By: Tina Gridiron, vice president, ACT Center for Equity in Learning

As we remember the message and influence of Dr. Martin Luther King Jr. today, it is important to note that “MLK Day,” as it is commonly called, is the only federal holiday recognized as a national day of service.

It is a day to reflect on the life and legacy of Dr. King and celebrate his contributions to help end segregation, advance workers’ rights, and protect the right to vote. And it is a moment to honor him as a true activist, humanitarian, and civil rights leader. But it is also a day that encourages all Americans to serve, give, and share their time, talents, and treasures in support of those in need.

As we each consider how we will spend our time today, there are many ways that we can bring Dr. King’s words to life. For example, when you read his famous 1963 "Letter From Birmingham Jail," where he wrote, “Injustice must be rooted out by strong, persistent, determined action,” you may be spurred to sign petitions or write to members of Congress to help combat voter suppression. Others may decide to work in a soup kitchen, homeless shelter, or food pantry to address the immediate and personal needs of community members, while some may choose to plant trees, recycle, or pick up trash on the side of the road to combat pollution and the destruction of natural resources.

Whatever you choose to do, the operative word that honors the spirit of Dr. King is “action.” Wherever you live, whatever your capacity, and with whatever resources you can spare, consider how you might make a difference in your corner of the world. It is said that one small drop of water can cause the bucket to overflow, so know that your efforts matter, no matter how big or small. You can be the drop of water that brings about transformative change.

As I reflect on individuals of action, I am particularly drawn to the lives and legacies of Sidney Poitier and Betty White, two Hollywood icons being mourned around the world after their recent passing. Poitier, who died at the age 94 on Jan. 6, was a trailblazing Bahamian-American actor and civil rights activist who participated in the March on Washington in 1963 and opened doors for many African American actors and artists. He was the first Black man to win the Academy Award for best actor – in 1964, for his role as Homer Smith in the movie "Lilies of the Field" – and he helped pave the way for other Oscar winners like Denzel Washington, Whoopi Goldberg, Morgan Freeman, and Halle Berry.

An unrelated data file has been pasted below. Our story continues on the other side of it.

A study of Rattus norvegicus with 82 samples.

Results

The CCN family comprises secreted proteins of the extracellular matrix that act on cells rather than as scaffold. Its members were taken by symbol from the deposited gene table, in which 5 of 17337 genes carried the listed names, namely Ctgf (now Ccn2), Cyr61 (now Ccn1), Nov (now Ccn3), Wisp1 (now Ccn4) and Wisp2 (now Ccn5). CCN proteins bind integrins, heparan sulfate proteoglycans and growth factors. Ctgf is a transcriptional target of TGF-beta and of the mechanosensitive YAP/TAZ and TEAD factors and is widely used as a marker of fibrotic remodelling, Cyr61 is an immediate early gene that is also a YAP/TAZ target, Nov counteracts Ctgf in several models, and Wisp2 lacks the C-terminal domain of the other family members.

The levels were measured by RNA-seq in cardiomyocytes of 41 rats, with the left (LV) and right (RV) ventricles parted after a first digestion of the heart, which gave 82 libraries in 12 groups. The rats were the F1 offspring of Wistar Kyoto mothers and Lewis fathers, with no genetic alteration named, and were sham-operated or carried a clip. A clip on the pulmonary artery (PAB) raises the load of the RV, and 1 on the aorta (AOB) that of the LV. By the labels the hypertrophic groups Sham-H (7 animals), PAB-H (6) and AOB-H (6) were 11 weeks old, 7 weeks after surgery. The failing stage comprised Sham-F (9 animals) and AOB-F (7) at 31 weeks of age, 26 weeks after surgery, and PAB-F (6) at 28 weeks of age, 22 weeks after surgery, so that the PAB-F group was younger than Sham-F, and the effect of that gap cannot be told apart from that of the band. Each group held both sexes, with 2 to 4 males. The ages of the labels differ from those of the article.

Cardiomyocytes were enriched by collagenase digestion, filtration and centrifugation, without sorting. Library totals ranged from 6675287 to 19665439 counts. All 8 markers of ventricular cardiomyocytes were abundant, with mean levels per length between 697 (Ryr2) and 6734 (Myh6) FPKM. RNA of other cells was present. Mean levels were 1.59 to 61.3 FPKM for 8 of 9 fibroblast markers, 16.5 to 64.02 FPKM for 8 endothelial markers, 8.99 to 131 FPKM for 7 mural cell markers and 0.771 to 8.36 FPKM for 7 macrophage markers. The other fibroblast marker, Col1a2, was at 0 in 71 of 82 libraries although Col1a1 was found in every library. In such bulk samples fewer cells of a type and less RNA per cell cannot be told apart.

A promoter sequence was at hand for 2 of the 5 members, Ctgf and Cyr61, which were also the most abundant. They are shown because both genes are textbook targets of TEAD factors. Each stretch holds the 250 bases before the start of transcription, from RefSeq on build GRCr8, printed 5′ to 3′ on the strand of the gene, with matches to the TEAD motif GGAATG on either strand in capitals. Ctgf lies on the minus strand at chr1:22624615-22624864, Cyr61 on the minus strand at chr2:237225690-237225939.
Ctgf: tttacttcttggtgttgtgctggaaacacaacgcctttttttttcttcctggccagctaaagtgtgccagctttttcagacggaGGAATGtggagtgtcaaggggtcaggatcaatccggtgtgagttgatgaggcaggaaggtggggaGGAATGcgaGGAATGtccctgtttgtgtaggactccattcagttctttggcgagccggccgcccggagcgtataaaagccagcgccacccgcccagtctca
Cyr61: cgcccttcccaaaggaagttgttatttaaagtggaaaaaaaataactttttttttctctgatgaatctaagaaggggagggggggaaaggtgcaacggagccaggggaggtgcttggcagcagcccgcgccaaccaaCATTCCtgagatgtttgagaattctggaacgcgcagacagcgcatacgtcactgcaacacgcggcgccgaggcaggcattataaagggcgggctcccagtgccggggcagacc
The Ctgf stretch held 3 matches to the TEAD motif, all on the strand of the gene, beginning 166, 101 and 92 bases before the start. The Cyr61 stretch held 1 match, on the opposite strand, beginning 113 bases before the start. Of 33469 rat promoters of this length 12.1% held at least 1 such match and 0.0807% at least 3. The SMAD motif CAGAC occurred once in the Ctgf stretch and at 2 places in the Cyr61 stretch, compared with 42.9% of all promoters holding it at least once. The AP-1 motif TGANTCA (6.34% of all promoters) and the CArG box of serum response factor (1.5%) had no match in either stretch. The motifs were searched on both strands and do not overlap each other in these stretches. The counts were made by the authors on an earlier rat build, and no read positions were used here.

White, who died at 99 years old on Dec. 31, 2021, was also committed to social justice and served as an ally, advocate, and collaborator with Black artists, LGBTQ activists, and disability-rights champions throughout her career. As early as 1954, White showcased her commitment to justice when she invited a Black tap dancer, Arthur Duncan, to perform on "The Betty White Show" – in the face of tremendous backlash from TV stations in the South.

We see a commitment to action and an unwavering dedication to justice through Poitier and White’s work, advocacy, and accomplishments. They may no longer be with us, but a similar persistence, passion, and dedication can be seen in the creative, independent, and powerful energy of other young voices today. For example, environmental activist Greta Thunberg and actress Zendaya serve as bright lights for justice and action today. Through these two young women who speak their minds and step out of their comfort zones to act, serve, and fight against injustice, we again see Dr. King’s message from the Birmingham jail come to life.

As you prepare for Martin Luther King Jr. Day, take a moment to read his historic open letter, and make a commitment to fight injustice, wherever and however you can. Be the change you wish to see in the world.